The present and future of post production business and technology | Philip Hodgetts

Jan/13


According to Techcrunch Canceled Soaps “All My Children” And “One Life To Live” Coming Back From The Dead On Hulu, iTunes with a new business model.

It’s no “Arrested Development,” but Hulu is today announcing that it, too, is bringing TV programs back from the dead. (Coming back from the dead – hey, that sounds like a soap plot!). Hulu has now signed a deal with media production Prospect Park to air the previously canceled soap operas “All My Children” and “One Life to Live” on Hulu and Hulu Plus, where they’re air in addition to Apple’s iTunes.

No it’s no Arrested Development, but there’s a market for Soap Operas – not a market big enough for a major network to service, but in the world of distributed distribution, there is a revival.

It mostly reminds me of what I wrote a few weeks back: the way for Apple/Google/Amazon/Netflix (did I miss anyone) to solve the content problem, is to get it made by the same people who make it now, but for their distribution channel alone.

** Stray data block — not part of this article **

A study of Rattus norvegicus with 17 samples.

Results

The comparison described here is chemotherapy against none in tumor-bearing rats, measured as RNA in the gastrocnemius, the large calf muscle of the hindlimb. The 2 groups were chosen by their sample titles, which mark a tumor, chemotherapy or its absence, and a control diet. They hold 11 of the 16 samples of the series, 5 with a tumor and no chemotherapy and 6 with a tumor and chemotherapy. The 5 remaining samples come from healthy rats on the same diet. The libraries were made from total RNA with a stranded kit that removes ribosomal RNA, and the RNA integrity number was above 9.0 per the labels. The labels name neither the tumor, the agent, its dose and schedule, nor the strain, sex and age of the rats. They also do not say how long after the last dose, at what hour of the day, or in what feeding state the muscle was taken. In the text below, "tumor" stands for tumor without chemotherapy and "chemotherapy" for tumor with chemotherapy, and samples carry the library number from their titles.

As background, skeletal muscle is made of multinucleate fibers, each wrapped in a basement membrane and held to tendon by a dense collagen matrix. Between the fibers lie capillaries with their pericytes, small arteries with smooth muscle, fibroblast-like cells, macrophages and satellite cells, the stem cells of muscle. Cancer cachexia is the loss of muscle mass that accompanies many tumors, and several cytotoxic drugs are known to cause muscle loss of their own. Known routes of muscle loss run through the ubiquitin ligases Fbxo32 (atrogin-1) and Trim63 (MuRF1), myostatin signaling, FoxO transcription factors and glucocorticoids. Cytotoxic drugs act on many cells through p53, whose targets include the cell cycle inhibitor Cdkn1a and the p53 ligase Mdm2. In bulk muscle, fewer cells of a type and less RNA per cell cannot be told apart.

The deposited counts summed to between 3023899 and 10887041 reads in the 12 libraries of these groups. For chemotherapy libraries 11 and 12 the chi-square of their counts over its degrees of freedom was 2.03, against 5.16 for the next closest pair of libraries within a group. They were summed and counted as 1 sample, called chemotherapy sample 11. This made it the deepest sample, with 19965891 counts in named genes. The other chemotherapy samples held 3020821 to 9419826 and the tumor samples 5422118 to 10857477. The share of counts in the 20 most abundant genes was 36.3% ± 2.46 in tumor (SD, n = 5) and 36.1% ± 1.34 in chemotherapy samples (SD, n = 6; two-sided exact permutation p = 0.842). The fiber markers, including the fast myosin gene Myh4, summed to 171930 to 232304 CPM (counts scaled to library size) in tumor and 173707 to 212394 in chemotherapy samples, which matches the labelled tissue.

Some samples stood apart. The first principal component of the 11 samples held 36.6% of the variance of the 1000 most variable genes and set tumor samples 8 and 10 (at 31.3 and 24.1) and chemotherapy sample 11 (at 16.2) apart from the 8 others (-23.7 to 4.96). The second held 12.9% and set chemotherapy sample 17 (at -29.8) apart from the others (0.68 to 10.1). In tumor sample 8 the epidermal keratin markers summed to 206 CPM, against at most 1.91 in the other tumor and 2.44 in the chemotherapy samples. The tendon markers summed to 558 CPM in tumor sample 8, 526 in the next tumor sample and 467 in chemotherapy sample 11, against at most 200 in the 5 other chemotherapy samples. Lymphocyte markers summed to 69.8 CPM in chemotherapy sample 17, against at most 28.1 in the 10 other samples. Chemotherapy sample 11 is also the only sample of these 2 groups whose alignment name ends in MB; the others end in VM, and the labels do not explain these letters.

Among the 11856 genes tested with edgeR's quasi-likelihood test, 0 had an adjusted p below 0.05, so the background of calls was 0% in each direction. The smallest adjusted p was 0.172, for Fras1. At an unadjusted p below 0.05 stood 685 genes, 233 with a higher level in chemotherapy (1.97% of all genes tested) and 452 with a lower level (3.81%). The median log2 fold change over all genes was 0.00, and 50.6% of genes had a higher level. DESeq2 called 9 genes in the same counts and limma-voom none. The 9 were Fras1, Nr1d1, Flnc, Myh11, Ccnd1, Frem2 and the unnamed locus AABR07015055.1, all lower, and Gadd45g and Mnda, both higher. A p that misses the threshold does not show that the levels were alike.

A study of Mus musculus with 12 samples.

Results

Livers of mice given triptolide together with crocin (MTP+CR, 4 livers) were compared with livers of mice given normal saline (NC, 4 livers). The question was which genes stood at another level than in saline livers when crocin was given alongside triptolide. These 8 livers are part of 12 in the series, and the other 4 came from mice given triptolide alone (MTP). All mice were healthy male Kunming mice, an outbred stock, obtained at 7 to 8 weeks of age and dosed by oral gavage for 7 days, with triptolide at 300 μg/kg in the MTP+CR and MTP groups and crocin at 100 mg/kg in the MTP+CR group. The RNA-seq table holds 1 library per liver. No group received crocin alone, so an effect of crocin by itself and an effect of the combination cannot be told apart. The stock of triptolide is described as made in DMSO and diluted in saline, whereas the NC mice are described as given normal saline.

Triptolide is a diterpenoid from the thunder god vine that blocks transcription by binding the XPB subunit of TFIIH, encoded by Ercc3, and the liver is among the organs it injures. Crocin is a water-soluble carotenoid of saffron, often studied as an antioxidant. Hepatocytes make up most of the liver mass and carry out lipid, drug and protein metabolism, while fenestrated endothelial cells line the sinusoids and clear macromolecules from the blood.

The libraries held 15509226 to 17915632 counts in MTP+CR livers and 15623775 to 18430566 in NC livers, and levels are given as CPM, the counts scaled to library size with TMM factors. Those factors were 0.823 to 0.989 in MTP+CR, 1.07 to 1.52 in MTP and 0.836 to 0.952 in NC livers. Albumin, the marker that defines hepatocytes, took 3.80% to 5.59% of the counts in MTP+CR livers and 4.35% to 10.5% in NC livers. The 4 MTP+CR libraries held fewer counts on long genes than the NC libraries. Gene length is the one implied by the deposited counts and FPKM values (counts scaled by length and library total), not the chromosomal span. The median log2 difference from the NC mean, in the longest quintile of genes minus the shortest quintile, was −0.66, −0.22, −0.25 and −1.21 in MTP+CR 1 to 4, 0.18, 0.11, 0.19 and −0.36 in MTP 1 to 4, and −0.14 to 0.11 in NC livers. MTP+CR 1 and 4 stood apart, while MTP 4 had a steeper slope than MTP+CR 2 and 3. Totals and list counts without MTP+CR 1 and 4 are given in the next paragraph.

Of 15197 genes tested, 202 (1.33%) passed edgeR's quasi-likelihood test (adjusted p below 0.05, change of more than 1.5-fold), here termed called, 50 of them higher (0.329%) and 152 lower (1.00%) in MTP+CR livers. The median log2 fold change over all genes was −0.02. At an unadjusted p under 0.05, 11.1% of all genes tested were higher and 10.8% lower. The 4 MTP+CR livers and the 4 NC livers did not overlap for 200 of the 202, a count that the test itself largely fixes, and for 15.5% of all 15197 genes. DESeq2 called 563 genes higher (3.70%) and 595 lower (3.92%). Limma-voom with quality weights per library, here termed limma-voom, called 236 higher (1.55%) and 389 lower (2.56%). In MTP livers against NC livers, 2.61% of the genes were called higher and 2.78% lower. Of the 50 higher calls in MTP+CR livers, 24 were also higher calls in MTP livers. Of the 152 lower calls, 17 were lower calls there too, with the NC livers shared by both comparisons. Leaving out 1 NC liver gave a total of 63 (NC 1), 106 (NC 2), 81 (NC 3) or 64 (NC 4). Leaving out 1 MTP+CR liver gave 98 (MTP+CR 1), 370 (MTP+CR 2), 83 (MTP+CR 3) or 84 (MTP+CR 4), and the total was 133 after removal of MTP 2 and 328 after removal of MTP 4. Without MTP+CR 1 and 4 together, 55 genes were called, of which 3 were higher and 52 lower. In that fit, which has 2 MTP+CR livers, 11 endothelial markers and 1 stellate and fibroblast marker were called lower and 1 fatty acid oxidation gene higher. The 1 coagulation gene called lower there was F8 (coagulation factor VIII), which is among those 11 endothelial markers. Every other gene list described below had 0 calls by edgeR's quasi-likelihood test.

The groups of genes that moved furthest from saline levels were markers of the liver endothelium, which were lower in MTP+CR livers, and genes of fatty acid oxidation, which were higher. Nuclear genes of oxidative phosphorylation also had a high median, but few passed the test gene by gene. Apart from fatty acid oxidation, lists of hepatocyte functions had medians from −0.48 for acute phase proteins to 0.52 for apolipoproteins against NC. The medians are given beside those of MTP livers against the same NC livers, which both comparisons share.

In this case, the revival has been delayed because of union issues rather than the business model. Now that’s not something I’d have expected:

The production company has been trying to revive these shows for some time now, after firstlicensing the content from ABC in mid-summer 2011. Prospect Park tried bringing them to cable TV, but those deals fell through due to funding and negotiations with the various unions involved in such a venture.

But it has now closed on a consulting agreement with Agnes Nixon, the two series’ creator, as well as deals with labor groups the Screen Actors Guild, the American Federation of Television and Radio Artists, and the Directors Guild of America, in order to get the actors back, as well as another deal with the Writer’s Guild of America. And it has closed its financing with ABRY Partners, the company says.